From Publishers Weekly
Starred Review. See revisits Shanghai Girls sisters Pearl and May in this surefire story of life in Communist China. Joy, the daughter Pearl has raised as her own in L.A., learns the truth about her parentage and flees to China to seek out her father and throw herself into the Communist cause, giving See ample opportunity to explore the People's Republic from an unlikely perspective as Joy reconnects with her artist father, Z.G. Li, and the two leave sophisticated Shanghai to go to the countryside, where Z.G., whose ironic view of politics is lost on naïve Joy, has been sent to teach art to the peasants. Joy, full of political vigor, is slow to pick up on the harsh realities of communal life in late 1950s China, but the truth sinks in as Mao's drive to turn China into a major agriculture and manufacturing power backfires. Pearl, meanwhile, leaves L.A. on a perhaps perilous quest to find Joy. As always, See creates an immersive atmosphere—her rural China is far from postcard pretty—but Joy's education is a stellar example of finding new life in a familiar setup, and See's many readers will be pleased to see the continued development of Pearl and May's relationship. Looks like another hit. (May) --This text refers to an out of print or unavailable edition of this title.
Having read three of her books now, I can say that Lisa See is not one of the most talented writers in the world. Her plot lines are predictable and underdeveloped; the characters are flat and repetitive (always a selfish, carefree female
character and always an implausibly self-sacrificing female character); the endings are maudlin and heavy handed. Sometimes, however, an easy read is what one wants. So, three stars for a dull rainy day read.
See researched both books extensively, but I could not warm up to the character of Joy. Pearl follows her to China, and it is the story of Pearl, who sacrifices everything to return to her homeland to chase after Joy. Her love and devotion moved me because her actions are unselfish and motivated by love. Joy reacts to life's events without thought of anything but herself. As a result, she ends up in a loveless marriage of her own choosing. In the end, the love of Pearl rescues her.
I grew tired of reading the endless scenes of poverty and starvation and cruelty and deprivation. I feel selfish even writing that sentence because these conditions did and do exist for those living under dictatorships couched under euphemisms of social reform and power to the people. Perhaps that was See's intent with this book - to make the reading of it as intolerable as the conditions she repeatedly shows.
Even though I didn't enjoy Dreams of Joy as much as her other novels, I give praise to See for writing such detailed accounts of historical events that must be remembered lest we forget, and worse, repeat. Novels that entertain and inform stand a chance of making a difference, and I don't fault her for doing that in both of these books.
I just wanted to be swept away by both, and that didn't happen with the sequel.
Its a wake up call for younger people who need to know what Socialism and Communism can do to a population. The devastation, starvation, and cruelty is there in history, but not taught the way it needs to be nowadays. Students do not understand the consequences if the information is hidden and omitted from textbooks and the classroom.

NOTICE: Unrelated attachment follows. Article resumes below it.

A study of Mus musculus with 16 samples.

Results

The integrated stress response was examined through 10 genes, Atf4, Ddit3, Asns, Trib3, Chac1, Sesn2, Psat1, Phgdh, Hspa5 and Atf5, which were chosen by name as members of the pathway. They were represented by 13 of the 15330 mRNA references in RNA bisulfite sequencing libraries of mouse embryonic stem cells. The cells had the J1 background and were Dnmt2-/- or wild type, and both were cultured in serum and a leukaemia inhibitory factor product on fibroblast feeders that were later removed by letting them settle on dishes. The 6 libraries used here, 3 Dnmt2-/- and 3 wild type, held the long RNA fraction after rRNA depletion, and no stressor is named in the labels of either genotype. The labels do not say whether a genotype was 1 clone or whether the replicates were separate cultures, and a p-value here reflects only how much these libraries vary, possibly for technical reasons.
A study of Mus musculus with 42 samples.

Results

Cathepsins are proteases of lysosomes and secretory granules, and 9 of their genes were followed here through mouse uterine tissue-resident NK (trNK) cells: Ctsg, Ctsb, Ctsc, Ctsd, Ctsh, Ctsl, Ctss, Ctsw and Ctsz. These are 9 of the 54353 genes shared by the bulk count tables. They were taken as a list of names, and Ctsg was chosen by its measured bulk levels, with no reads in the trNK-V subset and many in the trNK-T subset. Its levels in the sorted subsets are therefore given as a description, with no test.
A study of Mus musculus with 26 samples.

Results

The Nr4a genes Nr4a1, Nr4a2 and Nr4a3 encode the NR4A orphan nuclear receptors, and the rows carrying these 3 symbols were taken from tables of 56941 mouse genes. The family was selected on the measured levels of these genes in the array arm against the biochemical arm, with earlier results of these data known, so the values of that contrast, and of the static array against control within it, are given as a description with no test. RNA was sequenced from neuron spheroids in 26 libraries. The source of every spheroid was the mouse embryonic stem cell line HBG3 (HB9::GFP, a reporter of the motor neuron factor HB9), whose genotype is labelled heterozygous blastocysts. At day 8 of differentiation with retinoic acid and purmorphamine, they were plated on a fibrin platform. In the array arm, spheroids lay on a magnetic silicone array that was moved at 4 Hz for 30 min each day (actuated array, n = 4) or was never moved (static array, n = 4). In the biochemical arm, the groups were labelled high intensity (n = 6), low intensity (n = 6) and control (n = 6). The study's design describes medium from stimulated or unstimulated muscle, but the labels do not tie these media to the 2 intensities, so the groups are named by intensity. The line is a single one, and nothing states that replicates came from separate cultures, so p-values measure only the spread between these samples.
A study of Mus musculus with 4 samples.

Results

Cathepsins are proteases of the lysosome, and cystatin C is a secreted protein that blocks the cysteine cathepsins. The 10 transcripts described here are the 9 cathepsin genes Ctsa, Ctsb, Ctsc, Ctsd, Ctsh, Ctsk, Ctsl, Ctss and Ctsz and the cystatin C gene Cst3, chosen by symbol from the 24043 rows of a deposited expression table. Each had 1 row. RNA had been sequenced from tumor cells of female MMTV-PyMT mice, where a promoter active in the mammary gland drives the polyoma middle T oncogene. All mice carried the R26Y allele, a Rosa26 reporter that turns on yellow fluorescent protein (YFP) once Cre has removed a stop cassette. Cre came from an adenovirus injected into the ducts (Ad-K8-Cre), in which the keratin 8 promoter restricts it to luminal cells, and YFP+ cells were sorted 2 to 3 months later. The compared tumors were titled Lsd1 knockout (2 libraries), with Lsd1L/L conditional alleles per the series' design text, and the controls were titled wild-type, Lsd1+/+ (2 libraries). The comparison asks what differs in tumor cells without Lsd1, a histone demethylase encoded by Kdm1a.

The amount of Chinese people who starved to death alone is a number that will shock anybody who looks this up.
Dreams of Joy focuses on a triangle between a young woman named Joy; her mother, Pearl, and her aunt, May, with Joy and Pearl narrating in first-person voices. Pearl and May are characters well-drawn in Shanghai Girls, a previous See novel which covers 1937 to 1957 and moves from the girls' glittery life in Shanghai to a lesser existence in the Chinatown of Los Angeles, where they escape after the Japanese invade their country.
For readers of Shanghai Girls, Dreams of Joy offers closure. But if this is the first of See's books you're picking up, I doubt that you will captivated. While Pearl is a complex woman, Joy is vapid, and where See's past novels depict a China of grace alongside scenes of brutality, Communist China is rendered with all the dreariness it deserves. As a result, while Dreams of Joy may be historically accurate, it is relentlessly bleak. In addition, the plot is far-fetched. For reasons that are not convincing, Joy, a University of Chicago student, impulsively visits China to meet her biological father, an artist respected even in the new regime. From here on, a reader must suspend disbelief as events unfold built on coincidences described in prose that never reaches lift-off.
Even with its flaws, however, Dreams of Love is a powerful story about the bonds of country and motherhood. Readers will especially enjoy flashbacks to Shanghai's glory days, where "banquets came with French friends sprinkled with fine white sugar." The occasional Chinese proverb is also a treat: "An inch of gold won't buy an inch of time." Time being precious, however, I can recommend this book only if you are a reader of See's previous work.